Roadster romance at a cost
It's hard not to be seduced by the Z4 with its beautifully sculpted lines and classic feel, but it's not perfect, writes Geraldine Herbert
Nothing comes closer to instant glamour than driving an open-topped car, so is it any wonder car-makers tempt us with little sporty numbers? BMW's classic two-seater, the Z4, is one of the best-looking roadsters. But stunning as it looks, the Z4 has never had the same appeal behind the wheel as some rivals, particularly Porsche's two-seat coupe, the Boxster.
BMW recently unveiled its third-generation Z4. The car has been developed with Toyota, but while sharing the same engineering as Toyota's Supra, BMW's Z4 brings fresh styling and a BMW driving feel. For this new version, the retractable hardtop option has been abandoned in favour of an electrically operated soft-top. Simple to operate, it opens and closes in 10 seconds and, crucially for those sudden downpours, at speeds of up to 50kmh.
The new car is immediately recognisable as a BMW but is longer, wider and heavier than before and has new design features including a new-look mesh-design BMW kidney grille and vertical LED light units. Inside, the Z4 is driver-focused, but, as with most roadsters, it is snug in the cabin and you will struggle to find places to stow smartphones and drinks. The good news is that there is plenty of space in the boot; a generous 281 litres, regardless of whether the soft-top is open or closed and is an increase of more than 50pc compared with the outgoing model.
The new roadster will launch in Ireland next March with three petrol engines. The top-of-the-range Z4 M40i features a straight-six unit with 340bhp. Other engines are the 30i and 20i with four-cylinders and all are mated to an eight-speed steptronic auto transmission.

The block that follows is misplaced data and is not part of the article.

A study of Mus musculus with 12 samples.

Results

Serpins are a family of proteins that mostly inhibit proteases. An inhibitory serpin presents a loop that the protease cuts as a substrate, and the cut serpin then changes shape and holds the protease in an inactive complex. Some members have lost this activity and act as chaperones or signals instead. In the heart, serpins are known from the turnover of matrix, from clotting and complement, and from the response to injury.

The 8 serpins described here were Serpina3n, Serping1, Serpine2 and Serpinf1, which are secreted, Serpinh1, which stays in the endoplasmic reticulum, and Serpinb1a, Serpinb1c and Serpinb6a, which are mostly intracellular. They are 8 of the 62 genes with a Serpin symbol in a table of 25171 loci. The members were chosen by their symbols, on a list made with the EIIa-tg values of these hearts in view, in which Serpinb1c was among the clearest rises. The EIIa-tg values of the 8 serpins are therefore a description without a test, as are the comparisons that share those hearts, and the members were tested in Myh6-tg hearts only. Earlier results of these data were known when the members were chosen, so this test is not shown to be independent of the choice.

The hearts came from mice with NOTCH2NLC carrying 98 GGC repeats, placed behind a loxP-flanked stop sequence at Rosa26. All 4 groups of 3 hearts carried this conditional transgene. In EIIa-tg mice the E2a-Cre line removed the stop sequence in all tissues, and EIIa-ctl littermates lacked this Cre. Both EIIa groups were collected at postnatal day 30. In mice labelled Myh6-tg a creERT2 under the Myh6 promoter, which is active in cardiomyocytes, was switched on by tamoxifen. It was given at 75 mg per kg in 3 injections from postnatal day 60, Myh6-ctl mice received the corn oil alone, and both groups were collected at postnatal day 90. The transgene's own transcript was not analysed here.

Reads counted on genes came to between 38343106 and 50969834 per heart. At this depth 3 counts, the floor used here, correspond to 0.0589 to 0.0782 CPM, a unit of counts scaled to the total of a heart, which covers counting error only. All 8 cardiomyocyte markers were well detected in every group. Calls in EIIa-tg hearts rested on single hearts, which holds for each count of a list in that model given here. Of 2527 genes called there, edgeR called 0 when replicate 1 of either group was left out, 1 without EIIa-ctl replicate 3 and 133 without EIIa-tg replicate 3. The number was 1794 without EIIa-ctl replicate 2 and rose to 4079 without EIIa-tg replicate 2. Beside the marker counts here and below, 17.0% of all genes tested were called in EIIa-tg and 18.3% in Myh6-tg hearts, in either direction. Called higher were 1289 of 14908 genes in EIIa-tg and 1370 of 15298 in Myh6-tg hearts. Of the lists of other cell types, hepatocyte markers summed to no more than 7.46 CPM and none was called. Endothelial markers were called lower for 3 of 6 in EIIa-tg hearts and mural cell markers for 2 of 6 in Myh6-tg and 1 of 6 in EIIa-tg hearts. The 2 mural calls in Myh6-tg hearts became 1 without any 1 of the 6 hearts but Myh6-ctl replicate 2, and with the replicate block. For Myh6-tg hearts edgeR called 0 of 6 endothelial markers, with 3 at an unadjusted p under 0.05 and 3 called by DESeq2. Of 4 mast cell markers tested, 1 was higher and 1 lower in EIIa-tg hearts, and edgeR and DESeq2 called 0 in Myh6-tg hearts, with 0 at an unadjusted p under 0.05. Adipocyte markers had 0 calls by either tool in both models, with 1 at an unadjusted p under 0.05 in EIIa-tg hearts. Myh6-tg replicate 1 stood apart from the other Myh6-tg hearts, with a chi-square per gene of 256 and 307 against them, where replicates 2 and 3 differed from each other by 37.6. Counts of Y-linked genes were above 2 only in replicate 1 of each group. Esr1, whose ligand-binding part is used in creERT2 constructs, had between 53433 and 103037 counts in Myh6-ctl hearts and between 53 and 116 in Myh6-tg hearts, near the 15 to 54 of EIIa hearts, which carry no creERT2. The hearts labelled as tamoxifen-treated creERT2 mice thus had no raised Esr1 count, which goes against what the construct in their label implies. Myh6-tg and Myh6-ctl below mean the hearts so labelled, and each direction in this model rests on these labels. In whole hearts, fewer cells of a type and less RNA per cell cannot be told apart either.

The M40i model, the car we drove, can sprint from zero to 100kmh in 4.6 seconds and has a combined fuel consumption of 7.29l per 100km and CO2 emissions of 165g/km.
Press the start button and the engine sounds potent. On the road it is grippy with sharp handling, but it doesn't quite carve through bends with the clinical precision you want.
Despite the growth spurt, BMW claims substantial weight savings from opting for a fabric top only version, but the M40i is heavier than its predecessor and feels it on the road. Also, with the roof up visibility is badly compromised.
Prices for the new Z4 sDrive20i start from €50,420, while the top-of-the-range Z4 M40i will set you back €73,230. There will be two trim levels; Sport and M Sport, in addition to the M Performance model.
The Sport model features design elements in high-gloss black on the front crossbar and the rear apron's insert, along with 18-inch light-alloy wheels. The M-Sport includes a three-section air intake for the front apron, prominent side skirt contouring, a rear apron with highly distinctive side surrounds, and 18-inch M light-alloy wheels.
BMW's Z4 is a desirable car, stunning to look at and fun to drive, but unfortunately two-seat roadsters aren't practical and tend to be pricey - and it's still not as sharp to drive as some rivals.